The state of exhaustion is one that is a common occurrence in all forms of athletic performance. It is a description that is intended to reflect a final, often dramatic, result of one or more bodily processes on the brink of failure. Where there is exhaustion, there must be an extreme level of fatigue, to the point where relief must be sought by the athlete or a catastrophe will invariably follow.

Exhaustion is a term employed in three distinct contexts in sports science. Physical exhaustion is the expression used to describe either musculoskeletal fatigue or a general inability to physically continue to perform at the desired level due to all energy stores having been consumed. Physical exhaustion is most common in those sports where the activity occurs over a longer period of time, as in distance events of all types; it may also arise through prolonged training for shorter duration events. Mental exhaustion is the loss of mental keenness. Mental fatigue can occur during an event, such as an endurance race, but more commonly this state occurs in a cumulative fashion, due to factors such as the pressure of high level competition or the stress imposed upon the athlete through daily training sessions. Terms such as "burnout," "staleness," and "brain-fag" are expressions of mental exhaustion. Heat exhaustion is a subset of physical exhaustion, but as it arises in specific environmental circumstances, it has a separate and well-developed set of physical indicators.

Reggie Evans of the Seattle Supersonics flops on the ground in exhaustion during a game.

Physical exhaustion is a condition that is most commonly revealed by extreme fatigue on the part of athletes, where they are no longer physically capable of performing at their accustomed level. As physical exhaustion typically occurs in endurance sports, it is the aerobic energy system that is central to an examination of the mechanics of this condition. When the body requires energy for activities lasting longer than approximately 90 seconds, it will fuel itself through the production of the energy source adenosine triphosphate (ATP), using available stores of glucose. ATP is produced as the culmination of a process whereby the bodily carbohydrate stores, glycogen, are converted to glucose and transported through the red blood cells of the bloodstream to the muscles where the ATP conversion occurs. The red blood cells also transport the oxygen required to metabolize, or burn, this fuel; the blood also removes the waste products and carbon dioxide produced in this process.

The simplest and most common form of physical fatigue is when the body simply runs out of the primary sources of carbohydrate required to manufacture energy in the form of ATP. When the body determines that it has no more glycogen available to it (the liver regulates the level of these sugars present in the bloodstream), it will revert to the consumption of stored fats to convert into energy sources. Fats are a comparatively lesser, more inefficient fuel for energy production. As with any machine, when the fuel sources are spent, the body cannot continue to perform. An inability to produce energy does not only affect the muscles and other working components of the body, but also the functioning of the brain and the central nervous system; a depletion of physical energy stores will cause significant reductions in concentration and mental function.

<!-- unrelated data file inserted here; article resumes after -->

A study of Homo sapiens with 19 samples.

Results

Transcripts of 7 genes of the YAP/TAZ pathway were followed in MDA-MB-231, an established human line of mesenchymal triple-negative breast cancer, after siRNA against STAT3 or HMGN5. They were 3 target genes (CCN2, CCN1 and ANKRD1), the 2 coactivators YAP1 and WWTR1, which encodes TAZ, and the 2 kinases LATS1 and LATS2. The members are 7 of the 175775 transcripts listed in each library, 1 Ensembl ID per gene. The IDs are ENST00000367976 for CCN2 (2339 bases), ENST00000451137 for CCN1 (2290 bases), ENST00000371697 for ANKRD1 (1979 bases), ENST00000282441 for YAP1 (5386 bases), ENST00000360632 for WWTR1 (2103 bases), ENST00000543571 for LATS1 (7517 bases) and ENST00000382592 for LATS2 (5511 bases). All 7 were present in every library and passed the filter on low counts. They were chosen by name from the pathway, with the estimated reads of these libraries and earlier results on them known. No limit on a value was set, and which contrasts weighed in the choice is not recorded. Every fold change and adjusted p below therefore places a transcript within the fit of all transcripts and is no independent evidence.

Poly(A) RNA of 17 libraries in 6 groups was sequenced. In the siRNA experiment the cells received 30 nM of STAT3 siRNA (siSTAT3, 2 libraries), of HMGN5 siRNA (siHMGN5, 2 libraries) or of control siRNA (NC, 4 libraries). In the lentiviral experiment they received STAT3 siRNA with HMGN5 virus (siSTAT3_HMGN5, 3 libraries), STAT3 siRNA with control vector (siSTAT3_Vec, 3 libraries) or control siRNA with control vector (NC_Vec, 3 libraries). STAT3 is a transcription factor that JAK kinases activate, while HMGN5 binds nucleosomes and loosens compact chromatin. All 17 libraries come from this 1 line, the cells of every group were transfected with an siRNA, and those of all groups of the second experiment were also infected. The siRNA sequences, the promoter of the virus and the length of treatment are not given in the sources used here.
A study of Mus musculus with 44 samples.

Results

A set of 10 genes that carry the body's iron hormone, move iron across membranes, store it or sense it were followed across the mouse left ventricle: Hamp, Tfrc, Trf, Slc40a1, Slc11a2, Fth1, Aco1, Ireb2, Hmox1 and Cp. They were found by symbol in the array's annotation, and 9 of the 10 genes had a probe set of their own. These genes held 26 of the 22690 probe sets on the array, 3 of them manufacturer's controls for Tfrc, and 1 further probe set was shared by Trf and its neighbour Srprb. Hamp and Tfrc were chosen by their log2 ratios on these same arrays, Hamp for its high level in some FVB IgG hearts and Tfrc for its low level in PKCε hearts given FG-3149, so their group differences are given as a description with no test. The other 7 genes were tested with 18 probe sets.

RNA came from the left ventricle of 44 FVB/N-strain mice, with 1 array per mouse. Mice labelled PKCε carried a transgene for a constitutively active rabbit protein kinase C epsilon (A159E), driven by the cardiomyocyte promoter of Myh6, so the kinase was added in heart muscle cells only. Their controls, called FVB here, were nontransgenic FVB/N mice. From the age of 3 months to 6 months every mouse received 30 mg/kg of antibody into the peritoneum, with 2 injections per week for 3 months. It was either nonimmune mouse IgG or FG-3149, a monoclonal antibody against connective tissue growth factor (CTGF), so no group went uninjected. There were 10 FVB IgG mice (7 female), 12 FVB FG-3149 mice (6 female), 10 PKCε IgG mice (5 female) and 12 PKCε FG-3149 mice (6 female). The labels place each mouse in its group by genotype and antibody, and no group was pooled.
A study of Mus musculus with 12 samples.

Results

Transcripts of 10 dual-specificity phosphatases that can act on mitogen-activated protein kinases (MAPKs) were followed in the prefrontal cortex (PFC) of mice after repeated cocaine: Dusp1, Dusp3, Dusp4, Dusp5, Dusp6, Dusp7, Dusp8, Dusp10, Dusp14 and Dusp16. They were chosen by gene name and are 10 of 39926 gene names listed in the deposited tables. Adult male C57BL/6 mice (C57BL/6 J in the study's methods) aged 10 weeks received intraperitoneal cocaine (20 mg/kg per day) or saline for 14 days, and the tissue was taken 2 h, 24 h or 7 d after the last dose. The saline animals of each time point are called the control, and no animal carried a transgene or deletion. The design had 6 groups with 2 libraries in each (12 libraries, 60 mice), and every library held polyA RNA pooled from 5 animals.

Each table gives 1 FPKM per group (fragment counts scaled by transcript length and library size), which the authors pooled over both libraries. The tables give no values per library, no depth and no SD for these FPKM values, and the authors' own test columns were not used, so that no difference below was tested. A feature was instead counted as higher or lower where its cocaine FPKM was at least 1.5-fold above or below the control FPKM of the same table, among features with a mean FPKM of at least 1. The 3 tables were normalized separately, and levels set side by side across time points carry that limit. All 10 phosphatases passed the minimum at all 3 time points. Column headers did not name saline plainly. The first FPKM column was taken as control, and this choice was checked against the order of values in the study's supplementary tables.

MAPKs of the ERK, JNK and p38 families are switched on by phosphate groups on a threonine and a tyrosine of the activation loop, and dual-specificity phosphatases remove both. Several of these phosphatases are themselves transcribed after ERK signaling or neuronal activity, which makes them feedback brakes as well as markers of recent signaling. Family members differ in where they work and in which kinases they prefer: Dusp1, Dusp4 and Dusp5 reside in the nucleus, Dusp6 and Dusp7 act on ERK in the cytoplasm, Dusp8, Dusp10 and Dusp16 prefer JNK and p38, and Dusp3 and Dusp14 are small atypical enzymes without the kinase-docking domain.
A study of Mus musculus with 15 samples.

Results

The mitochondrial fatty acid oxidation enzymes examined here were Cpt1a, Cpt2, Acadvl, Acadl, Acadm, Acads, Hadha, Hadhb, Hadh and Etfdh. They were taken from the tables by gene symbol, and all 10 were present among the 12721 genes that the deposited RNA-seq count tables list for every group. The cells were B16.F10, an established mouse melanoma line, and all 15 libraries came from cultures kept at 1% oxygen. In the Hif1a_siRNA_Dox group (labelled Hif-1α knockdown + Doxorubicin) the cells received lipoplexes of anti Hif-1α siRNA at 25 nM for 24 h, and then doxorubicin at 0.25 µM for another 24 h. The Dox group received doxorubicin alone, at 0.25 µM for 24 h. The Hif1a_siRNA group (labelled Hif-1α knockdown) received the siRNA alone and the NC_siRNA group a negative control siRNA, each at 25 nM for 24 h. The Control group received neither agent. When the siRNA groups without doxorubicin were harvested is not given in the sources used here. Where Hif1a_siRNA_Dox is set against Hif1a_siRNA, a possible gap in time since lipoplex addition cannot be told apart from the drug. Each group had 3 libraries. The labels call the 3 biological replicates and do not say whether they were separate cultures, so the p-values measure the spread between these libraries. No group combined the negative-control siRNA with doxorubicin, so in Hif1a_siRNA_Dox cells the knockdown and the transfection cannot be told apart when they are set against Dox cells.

Absent any other physical factors contributing to the physical exhaustion, such as extreme cold or altitude, this circumstance will be corrected through rest and the ingestion of appropriate carbohydrate-rich foods to redress the bodily balance. The other most common potential causes of physical exhaustion in an athlete, occurring either singly or in combination with other factors, include: illness (such as cancer); poor long-term nutritional habits (such as lacking vitamins or minerals necessary to the function of the energy systems); mental stress; environmental condition (e.g., air pollution); and dehydration (when the fluid level of the body is reduced, the volume of fluid in the bloodstream is correspondingly less).

Physical exhaustion is also an expression used to describe the testing processes used to calculate performance measures such as VO2max, the maximum amount of oxygen that an athlete can process, which is a powerful indicator of endurance sport fitness. Physical exhaustion is also the stated limit to carbohydrate depletion tests and interval training of all types. The immediate, short-term athletic goal in each of these mechanisms is to train to physical exhaustion; the long-term objective is to extend the prior physical limits.

Mental exhaustion can arise in a number of circumstances in relation to both training and competitive circumstances. Professional team sport athletes who are required to play a number of games over a period of weeks will often complain of a lethargy and lack of motivation. Hard training, especially when the individual components are repetitive, can occasionally result in a similar mental fatigue.

Heat exhaustion a progression in the overheating of the body known as hyperthermia. When the body is working, especially in warm or humid conditions, it cools itself by forcing warm blood to the surface of the skin, which results in the production of perspiration, which in turn both dehydrates the system and depletes the body of the mineral sodium. The symptoms of heat exhaustion are severe thirst, generalized weakness, and a loss of coordination (due to reduced mineral levels, which aid in the transmission of nerve impulses to the muscles). The next stage in this progressive heat illness is a heat stroke, which may result in cardiac arrest and death. A notable fatality due to heat stroke was that of Korey Stringer, National Football League (NFL) lineman, in 2001 during a hot weather training camp session.

SEE ALSO Acclimatization; Exercise recovery; Fatigue; Muscle glycogen recovery.